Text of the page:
Running Circles Around Adversity: Addison's Riley Story
Addison Misch is a determined competitor on the cross country trail, and her pace hasn’t slowed, even after surgery to remove a tennis ball-sized tumor from her brain.
The 12-year-old from Markle, Ind., was vacationing with her family last summer when her mother found her standing and slowly spinning in circles, shaking her arms. Addison told her mom later that she could hear her but couldn’t respond.
An MRI revealed a large tumor, and doctors in Fort Wayne connected the Misch family with Jodi Smith, M.D., a pediatric neurosurgeon at Riley Hospital for Children at IU Health. Dr. Smith met Addison on Friday and her surgery was scheduled for that Monday.
“It was kind of dramatic,” Addison remembers. “Straight after my mom found me, they found the tumor, and straight after that, I was in surgery at Riley.”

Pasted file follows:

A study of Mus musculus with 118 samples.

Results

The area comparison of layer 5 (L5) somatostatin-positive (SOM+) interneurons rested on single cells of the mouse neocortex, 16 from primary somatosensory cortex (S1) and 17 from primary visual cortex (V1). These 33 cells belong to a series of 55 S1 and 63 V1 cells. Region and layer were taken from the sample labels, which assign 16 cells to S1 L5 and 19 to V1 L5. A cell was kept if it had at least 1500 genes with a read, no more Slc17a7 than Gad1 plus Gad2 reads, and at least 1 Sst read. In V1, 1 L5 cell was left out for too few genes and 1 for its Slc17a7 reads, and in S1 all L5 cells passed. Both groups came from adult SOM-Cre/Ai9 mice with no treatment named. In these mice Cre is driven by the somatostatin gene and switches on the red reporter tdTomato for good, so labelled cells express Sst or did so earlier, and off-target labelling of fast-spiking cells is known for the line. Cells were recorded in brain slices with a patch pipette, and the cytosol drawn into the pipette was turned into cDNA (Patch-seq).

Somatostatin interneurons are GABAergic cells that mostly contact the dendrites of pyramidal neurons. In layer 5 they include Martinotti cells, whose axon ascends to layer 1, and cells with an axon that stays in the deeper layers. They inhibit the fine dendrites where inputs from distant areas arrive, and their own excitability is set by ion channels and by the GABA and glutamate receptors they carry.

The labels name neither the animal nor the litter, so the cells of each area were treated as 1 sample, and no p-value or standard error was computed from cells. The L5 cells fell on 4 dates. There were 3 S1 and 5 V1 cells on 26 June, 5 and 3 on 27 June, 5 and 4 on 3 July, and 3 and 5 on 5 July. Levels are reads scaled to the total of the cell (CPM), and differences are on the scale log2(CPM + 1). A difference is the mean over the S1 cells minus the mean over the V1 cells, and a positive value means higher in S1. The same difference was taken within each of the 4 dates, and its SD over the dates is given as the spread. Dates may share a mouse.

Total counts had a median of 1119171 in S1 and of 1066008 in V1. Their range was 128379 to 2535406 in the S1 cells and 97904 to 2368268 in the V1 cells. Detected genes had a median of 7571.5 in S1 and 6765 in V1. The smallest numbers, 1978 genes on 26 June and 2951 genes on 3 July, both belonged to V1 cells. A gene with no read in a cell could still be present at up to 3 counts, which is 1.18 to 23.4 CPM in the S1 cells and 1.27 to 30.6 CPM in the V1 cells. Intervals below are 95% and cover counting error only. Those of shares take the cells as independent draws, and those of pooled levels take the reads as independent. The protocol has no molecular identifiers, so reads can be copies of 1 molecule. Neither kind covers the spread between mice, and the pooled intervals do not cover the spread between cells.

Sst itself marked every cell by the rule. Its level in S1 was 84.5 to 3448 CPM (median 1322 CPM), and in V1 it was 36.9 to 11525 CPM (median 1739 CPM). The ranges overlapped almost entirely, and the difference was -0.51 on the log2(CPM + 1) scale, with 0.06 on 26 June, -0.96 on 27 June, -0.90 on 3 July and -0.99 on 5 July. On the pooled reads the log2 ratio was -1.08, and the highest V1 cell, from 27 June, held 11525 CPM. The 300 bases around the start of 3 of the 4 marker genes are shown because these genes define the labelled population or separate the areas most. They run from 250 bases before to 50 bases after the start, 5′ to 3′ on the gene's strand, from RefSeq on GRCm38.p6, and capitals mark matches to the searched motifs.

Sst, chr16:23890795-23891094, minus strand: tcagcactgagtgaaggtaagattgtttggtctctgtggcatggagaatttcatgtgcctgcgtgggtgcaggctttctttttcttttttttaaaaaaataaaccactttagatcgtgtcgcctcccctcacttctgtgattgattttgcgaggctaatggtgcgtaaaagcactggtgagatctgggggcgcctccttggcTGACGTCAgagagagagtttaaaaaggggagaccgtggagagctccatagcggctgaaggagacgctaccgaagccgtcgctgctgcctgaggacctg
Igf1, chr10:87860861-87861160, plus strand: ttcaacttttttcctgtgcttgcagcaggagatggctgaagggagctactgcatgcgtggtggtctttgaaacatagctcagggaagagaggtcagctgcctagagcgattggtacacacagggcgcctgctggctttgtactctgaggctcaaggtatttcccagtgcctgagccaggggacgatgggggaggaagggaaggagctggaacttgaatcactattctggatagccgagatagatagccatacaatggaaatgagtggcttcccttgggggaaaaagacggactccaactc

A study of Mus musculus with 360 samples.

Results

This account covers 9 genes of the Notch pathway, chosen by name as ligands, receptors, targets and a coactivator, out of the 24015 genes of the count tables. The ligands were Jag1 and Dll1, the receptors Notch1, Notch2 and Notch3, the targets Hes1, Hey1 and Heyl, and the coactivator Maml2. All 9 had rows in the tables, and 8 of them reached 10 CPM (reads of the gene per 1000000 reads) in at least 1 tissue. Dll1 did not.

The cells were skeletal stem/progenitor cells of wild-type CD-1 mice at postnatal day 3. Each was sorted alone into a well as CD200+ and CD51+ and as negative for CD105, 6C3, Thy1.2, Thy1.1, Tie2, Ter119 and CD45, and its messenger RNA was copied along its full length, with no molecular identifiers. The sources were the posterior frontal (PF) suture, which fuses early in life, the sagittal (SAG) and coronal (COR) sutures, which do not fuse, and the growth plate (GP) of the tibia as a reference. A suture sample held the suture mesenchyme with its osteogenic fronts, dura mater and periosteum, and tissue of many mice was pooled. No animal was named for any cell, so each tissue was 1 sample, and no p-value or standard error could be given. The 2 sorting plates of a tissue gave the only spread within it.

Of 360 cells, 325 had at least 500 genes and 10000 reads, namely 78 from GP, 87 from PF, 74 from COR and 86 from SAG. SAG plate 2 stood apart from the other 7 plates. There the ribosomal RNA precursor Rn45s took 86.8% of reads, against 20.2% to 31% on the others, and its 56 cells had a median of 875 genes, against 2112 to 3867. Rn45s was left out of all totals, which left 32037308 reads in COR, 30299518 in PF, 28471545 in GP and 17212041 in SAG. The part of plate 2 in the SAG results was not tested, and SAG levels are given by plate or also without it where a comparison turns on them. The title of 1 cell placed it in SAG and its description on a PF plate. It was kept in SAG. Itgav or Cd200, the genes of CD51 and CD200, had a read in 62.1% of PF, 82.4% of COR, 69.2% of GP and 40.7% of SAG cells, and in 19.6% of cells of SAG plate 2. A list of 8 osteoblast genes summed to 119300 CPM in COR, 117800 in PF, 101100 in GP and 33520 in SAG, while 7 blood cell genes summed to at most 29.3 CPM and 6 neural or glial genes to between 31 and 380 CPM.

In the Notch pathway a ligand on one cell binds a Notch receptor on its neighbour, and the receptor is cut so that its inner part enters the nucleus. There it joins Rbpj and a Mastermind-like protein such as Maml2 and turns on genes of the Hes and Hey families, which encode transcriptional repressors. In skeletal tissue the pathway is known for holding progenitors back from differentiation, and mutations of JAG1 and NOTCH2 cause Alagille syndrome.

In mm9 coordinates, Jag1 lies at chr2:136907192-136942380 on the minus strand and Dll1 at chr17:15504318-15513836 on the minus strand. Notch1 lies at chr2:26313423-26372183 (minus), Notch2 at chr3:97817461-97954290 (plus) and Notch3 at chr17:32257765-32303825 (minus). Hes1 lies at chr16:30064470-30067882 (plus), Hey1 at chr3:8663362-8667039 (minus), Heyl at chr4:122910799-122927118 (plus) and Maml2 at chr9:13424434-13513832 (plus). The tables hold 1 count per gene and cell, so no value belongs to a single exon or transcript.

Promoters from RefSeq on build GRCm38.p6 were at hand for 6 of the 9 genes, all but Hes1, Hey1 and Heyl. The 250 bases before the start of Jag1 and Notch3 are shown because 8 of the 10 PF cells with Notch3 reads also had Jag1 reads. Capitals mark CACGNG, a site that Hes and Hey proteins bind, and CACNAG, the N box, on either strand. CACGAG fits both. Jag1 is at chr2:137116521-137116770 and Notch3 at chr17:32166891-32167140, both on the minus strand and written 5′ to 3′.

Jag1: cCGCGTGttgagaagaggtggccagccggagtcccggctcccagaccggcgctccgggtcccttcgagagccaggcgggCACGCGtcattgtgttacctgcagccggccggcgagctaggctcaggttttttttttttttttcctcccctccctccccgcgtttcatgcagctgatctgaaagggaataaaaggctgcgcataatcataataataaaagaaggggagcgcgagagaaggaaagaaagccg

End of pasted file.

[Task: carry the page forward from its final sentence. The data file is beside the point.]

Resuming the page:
Two dozen of Addison’s family and friends waited at Riley during the all-day surgery. Parents Mark and Jamie Misch credit an experienced nurse for convincing them to get a room at the in-hospital Ronald McDonald House.
“She took care of us so that we could help care for Addison,” Jamie says.
Addison doesn’t remember much from the days after surgery (other than eating lots of JELL-O and playing Wii in her room) but she found a friend in Dr. Smith.
“Dr. Smith is a really wonderful lady, and she talks to me personally at all of my check-ups,” Addison says. Dr. Smith was equally impressed with her young patient. “Addison was a terrific and delightful patient with a huge, very rare and highly vascular tumor. She recovered very quickly from her surgery, despite the fact that the surgery lasted about eight to 10 hours,” Smith recalls.
Addison only missed three days of 6th grade after surgery, and she even ran the last four meets of the cross country season. This fall, she and a team of 60 supporters laced up their running shoes to take part of the Run for Riley in Fort Wayne. She is happy to give back to Riley now that her ordeal is in the past and her brain is tumor-free.
“Everyone just treats me like a normal kid,” she says.